If a system’s glitches can be compared to fish, I want to tell you about my white whale.
A while back, I was working on a system feature that read in some XML from the filesystem, XSLT’d it into HTML, and served it up to a browser. The XML had a bunch of characters from the higher Unicode ranges (i.e., >255), and wouldn’t you know, when viewed in a browser, these characters showed up as garbled data. Not “The Box”–that ugly little placeholder used when a font doesn’t contain a character for a given code point–but usually one to three seemingly random characters that had nothing to do with the character that was supposed to be displayed.
Classic encoding problem.
For the uninitiated in character encodings, let me fill you in real quick. Disks store bytes, not characters. A byte is a numeric value between 0 and 255. To store characters on disks, a convention is used to map the numeric values of bytes to characters. In the early days of computing, we kept things simple and said that there could be no more than 256 different types of characters stored in files. Lately, we’ve taken to storing over 60,000 different types of characters. How do we represent that many values with just a byte?
Actually, that depends. An exceedingly large number of different conventions exist for mapping >256 characters to bytes. What all of these systems have in common is that multiple bytes are used to represent a single character. Two bytes can when used together represent 65,536 unique character types; with three bytes, bump that up to 16 million.
And therein lies the rub. Files don’t indicate the encoding used within them. Indeed, there’s no guarantee that the files store character values at all. The user must know what to expect within the file, and if its character data, they must know what encoding was used to store it.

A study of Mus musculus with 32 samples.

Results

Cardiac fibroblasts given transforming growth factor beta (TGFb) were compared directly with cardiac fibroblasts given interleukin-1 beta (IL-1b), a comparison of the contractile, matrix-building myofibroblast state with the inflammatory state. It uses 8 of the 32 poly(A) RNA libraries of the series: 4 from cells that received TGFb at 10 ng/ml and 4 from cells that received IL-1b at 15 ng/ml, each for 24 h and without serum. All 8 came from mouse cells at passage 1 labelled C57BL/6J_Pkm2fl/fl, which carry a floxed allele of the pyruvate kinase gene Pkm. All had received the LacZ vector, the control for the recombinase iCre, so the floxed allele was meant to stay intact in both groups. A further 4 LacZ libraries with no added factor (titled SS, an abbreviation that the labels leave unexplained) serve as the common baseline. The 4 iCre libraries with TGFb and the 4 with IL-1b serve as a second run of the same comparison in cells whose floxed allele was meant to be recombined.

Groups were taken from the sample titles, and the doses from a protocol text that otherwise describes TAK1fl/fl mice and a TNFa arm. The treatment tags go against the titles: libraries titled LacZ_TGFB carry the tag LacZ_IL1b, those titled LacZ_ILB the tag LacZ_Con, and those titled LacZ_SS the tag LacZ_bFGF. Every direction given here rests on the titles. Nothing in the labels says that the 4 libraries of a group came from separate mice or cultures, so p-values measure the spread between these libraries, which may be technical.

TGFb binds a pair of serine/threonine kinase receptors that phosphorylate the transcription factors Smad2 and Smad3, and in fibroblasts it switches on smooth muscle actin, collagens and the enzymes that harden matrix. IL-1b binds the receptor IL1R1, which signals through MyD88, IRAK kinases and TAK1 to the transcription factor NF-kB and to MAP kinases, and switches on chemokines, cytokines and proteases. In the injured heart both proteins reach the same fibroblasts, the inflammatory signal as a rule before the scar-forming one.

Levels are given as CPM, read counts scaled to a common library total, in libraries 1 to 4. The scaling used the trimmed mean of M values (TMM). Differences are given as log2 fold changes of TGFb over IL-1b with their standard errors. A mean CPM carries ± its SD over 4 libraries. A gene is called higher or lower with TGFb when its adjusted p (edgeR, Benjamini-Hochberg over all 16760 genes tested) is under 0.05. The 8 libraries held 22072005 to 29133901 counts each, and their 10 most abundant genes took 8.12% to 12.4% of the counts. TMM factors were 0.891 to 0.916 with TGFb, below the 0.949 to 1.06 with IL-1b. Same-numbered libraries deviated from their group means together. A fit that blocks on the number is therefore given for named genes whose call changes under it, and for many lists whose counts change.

Back to the story. I knew it was an encoding glitch; multiple characters showing up in place of one is a classic symptom (because multiple bytes represented the character, but the parser treated each byte as a unique character). I immediately assumed that the browser or the servlet (or the web framework on top of it) was to blame. I spent a lot of time educating myself on how encodings work over the web. I threw hours at the problem here and there and came up empty handed each time.
And then, whilst reading through some of the backend code, I saw this innocuous little line:
Document document = new SAXBuilder().build(new FileReader(file));
See the problem? Look again. Notice the
FileReader? I’m such an idiot. Here’s the deal. XML files can contain any of thousands of different Unicode characters and can use a bunch of different encodings to map those to bytes. The encoding used on a particular XML document is indicated in the prolog, such as:
<?xml version="1.1" encoding="UTF-8"?>
I don’t really use XML 1.1; I just put that in to piss off Elliotte. 😉 Note the encoding. Now, back to our
Readers in Java are nice because they handle converting bytes into characters automatically. But in order to do that, they have to know what encoding was used on the bytes they are being handed. If you don’t specify an encoding, a
Reader will use the operating system’s default encoding.
Ahhh, and there’s our problem. PCs, Macs, *nix, they all use different encoding schemes by default, and they ain’t UTF-8 (actually, on some *nixs it might be, I dunno). My XML files were UTF-8 encoded. So when I used a
Reader to parse my XML file, the XML parser was misinterpreting many of my characters.
This is the code I should have written:
Document document = new SAXBuilder().build(new FileInputStream(file));
If you hand an XML parser bytes, which is the currency of
InputStreams, the parser handles converting those bytes to characters itself, and uses the encoding in the XML prolog to configure itself for that process. If you hand it characters… it’s stuck using those characters and can’t affect the decoding process one whit, since it occurs a level beneath it.
It turns out this is a rather insidious bug. Because most encodings are the same in how they assign the characters mapped to byte values 0-255 (since the ASCII standard was so pervasive), and because those are by far the most common characters for most folks here in the United States, you can go a long way with character encoding bugs like this and never know any different. But the day you add a higher value character… weird things happen.
Learn from me. Spare yourself the pain of wrestling with this one yourself. Make me feel my time was well spent. Never, ever use a
Reader to parse in an XML file. There’s already a great system for letting the parser handle the decoding; let it.